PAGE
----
Lebanon: Dealing with crises past and present
25-09-2013 Operational Update
With untold numbers of people continuing to flee violence in Syria, the ICRC is providing medical assistance for war-wounded patients and water for communities hosting refugees. It is also offering support for the families of people who disappeared during armed conflicts in Lebanon.
More than two years of fighting in Syria has driven hundreds of thousands of people to neighbouring countries, including Lebanon, which is home to some 740,000 refugees. "The majority had to flee for their safety, leaving all their belongings and possessions behind. They arrive in Lebanon with little more than the clothes they are wearing and need basic assistance," said ICRC delegate Thomas Glue. While the ICRC has provided emergency assistance (food, blankets, kitchen sets, mattresses, etc.) for thousands of refugees, mostly those who have just arrived and have received no aid from other humanitarian organizations, it has focused its efforts on medical treatment for war-wounded patients.
The ICRC has stepped up its support for the Lebanese Red Cross emergency medical services to help ensure that people arriving from Syria with weapon-related injuries are transferred to Lebanese hospitals. It has extended its financial support and provided further medical supplies to help the Lebanese Red Cross ambulance and blood-bank services to cope with mounting demands.
The ICRC has also covered the cost of medical treatment for the most seriously wounded patients. In addition, it has monitored the care they have received in hospitals and rehabilitation centres, and provided prostheses for those who are permanently disabled. "We come across lots of cases involving arm or leg amputations, or paralysis caused by weapons. We've been providing arm and eye prostheses for the patients, most of whom are young. That's really sad," said Janet Askew, a member of the ICRC's health staff in the country.
Helping provide water
The influx of people fleeing the violence in Syria has placed water infrastructure in host communities under increased pressure. Together with local water boards, the ICRC has started taking action in different parts of the country to deal with the growing demand for water. "It is essential that sufficient quantities of clean water be available to Syrian refugees as well as the communities that host them in order to maintain proper hygiene and acceptable sanitary conditions," said the ICRC's Thomas Batardy, who oversees water projects. He explained that in Koura, north Lebanon, the organization provided a generator for a treatment plant. As a result, the water supply was increased for 15 villages with a total population of 53,000 inhabitants and 4,500 refugees. The ICRC also upgraded the water source serving the 12,000 people living in a Tripoli neighbourhood. Further action, such as upgrades to pumping stations and the development of new water sources, will be taken over the coming months, notably in the Bekaa region and in the north.
"Thirty years of waiting, of sadness, of defeat… from too much pain and hurt, from dreaming and hope…" These are the words of a woman to her missing brother. "I write to you because I believe you can read. I call you because I believe you can hear. I wave to you because I believe you can see." These are the words of a mother to her missing son. The sufferings of the families of people who vanished, often decades ago during the 1975-1990 civil war, remain deeply painful. On the occasion of the International Day of the Disappeared, 30 August, some 100 writings were published by the ICRC in a booklet entitled "I told myself I will write to you."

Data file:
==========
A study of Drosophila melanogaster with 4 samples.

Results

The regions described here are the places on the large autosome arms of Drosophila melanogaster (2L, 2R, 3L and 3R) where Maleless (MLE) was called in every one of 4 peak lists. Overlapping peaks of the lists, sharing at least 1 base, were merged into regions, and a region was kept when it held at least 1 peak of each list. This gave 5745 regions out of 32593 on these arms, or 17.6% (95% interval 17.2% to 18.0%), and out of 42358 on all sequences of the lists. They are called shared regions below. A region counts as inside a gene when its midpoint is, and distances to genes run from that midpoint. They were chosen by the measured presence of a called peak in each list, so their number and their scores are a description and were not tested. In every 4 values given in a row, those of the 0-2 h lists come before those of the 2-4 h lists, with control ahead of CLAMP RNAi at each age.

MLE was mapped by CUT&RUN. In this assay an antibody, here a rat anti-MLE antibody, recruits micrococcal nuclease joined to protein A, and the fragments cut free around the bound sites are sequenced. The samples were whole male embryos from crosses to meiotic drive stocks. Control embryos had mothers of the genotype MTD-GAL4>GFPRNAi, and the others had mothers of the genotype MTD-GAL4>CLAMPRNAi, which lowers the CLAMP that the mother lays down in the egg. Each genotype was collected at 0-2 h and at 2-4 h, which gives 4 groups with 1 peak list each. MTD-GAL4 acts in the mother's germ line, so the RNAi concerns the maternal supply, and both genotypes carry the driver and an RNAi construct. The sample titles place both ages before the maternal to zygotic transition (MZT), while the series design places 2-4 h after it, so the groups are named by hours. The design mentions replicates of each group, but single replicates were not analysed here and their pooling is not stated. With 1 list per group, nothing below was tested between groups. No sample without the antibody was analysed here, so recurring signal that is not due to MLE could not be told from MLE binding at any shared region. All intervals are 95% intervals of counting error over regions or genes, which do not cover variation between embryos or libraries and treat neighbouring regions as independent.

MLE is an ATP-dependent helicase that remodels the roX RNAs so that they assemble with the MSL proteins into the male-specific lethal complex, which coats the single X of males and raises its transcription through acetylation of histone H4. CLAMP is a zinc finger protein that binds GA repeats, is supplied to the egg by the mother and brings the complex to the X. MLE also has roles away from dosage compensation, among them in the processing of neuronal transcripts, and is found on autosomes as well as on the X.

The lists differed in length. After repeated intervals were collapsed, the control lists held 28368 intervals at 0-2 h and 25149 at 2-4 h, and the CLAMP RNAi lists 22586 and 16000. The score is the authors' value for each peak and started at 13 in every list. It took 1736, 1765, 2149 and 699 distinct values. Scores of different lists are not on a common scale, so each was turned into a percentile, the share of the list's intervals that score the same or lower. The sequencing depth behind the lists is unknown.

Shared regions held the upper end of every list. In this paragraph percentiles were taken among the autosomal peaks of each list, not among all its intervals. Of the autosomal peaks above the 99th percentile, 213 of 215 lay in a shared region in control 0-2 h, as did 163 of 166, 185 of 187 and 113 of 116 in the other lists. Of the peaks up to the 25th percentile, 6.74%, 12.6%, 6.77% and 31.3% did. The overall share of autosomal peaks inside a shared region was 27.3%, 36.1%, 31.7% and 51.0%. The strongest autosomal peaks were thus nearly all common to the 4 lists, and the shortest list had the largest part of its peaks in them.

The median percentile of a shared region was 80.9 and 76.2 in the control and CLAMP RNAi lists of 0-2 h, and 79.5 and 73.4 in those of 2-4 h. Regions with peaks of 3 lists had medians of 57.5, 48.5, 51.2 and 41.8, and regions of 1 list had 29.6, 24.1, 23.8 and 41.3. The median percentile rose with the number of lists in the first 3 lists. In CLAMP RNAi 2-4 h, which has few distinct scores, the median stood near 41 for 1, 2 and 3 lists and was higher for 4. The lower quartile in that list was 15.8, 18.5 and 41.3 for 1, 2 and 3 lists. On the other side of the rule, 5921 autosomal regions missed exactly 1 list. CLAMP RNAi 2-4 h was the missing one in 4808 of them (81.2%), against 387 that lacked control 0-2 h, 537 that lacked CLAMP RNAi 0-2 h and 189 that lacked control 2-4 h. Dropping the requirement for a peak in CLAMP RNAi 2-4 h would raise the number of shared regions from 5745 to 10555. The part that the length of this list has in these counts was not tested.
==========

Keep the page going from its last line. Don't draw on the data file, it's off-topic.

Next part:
As part of its work for families of missing persons, the ICRC has continued to collect detailed information about those who have vanished, information that is essential for efforts to determine what happened to them. The ICRC will also collect biological reference samples of families so that DNA profiling can be used to identify human remains. In addition, it strives to raise awareness among the public of this longstanding and seemingly intractable humanitarian problem, and remind the authorities of their obligation under international humanitarian law to clarify the fate of all persons still unaccounted for.
In recent months the ICRC has visited detainees in various places of detention, as it has done in Lebanon since 2007, when it signed an agreement with the Lebanese authorities under which ICRC delegates are allowed to visit prisons and interrogation centres of the interior and defence ministries. The purpose of the visits is to monitor the conditions in which the detainees are held, the treatment they receive and respect for basic legal safeguards.
From January to August 2013 the ICRC:
● conducted interviews with the families of 403 missing persons as part of its effort to gather detailed information about missing people;
● visited 5,760 detainees in 24 places of detention across Lebanon;
● repatriated, in its capacity as a neutral intermediary, four civilians and the bodies of four Lebanese nationals from Israel and one Israeli citizen from Lebanon;
● completed two projects to improve water availability in Koura, north Lebanon, and Tripoli;
● distributed food and other emergency items to a total of 26,664 refugees from Syria, including 13,865 Palestinians;
● covered the cost of treatment for 703 Syrian refugees with weapon-related injuries and fitted 14 Syrian war-wounded patients with prostheses;
● trained 132 hospital staff to deal with mass casualties and 30 surgeons in the orthopaedic management of war wounds;
● provided 19 hospitals, three ambulance services and four first-aid posts with medical supplies for the treatment of over 2,200 patients;
● provided 2,735 blood units for wounded Syrian patients.
The ICRC, founded 150 years ago, has been working in Lebanon since 1967 to relieve the humanitarian consequences of armed conflict and other violence.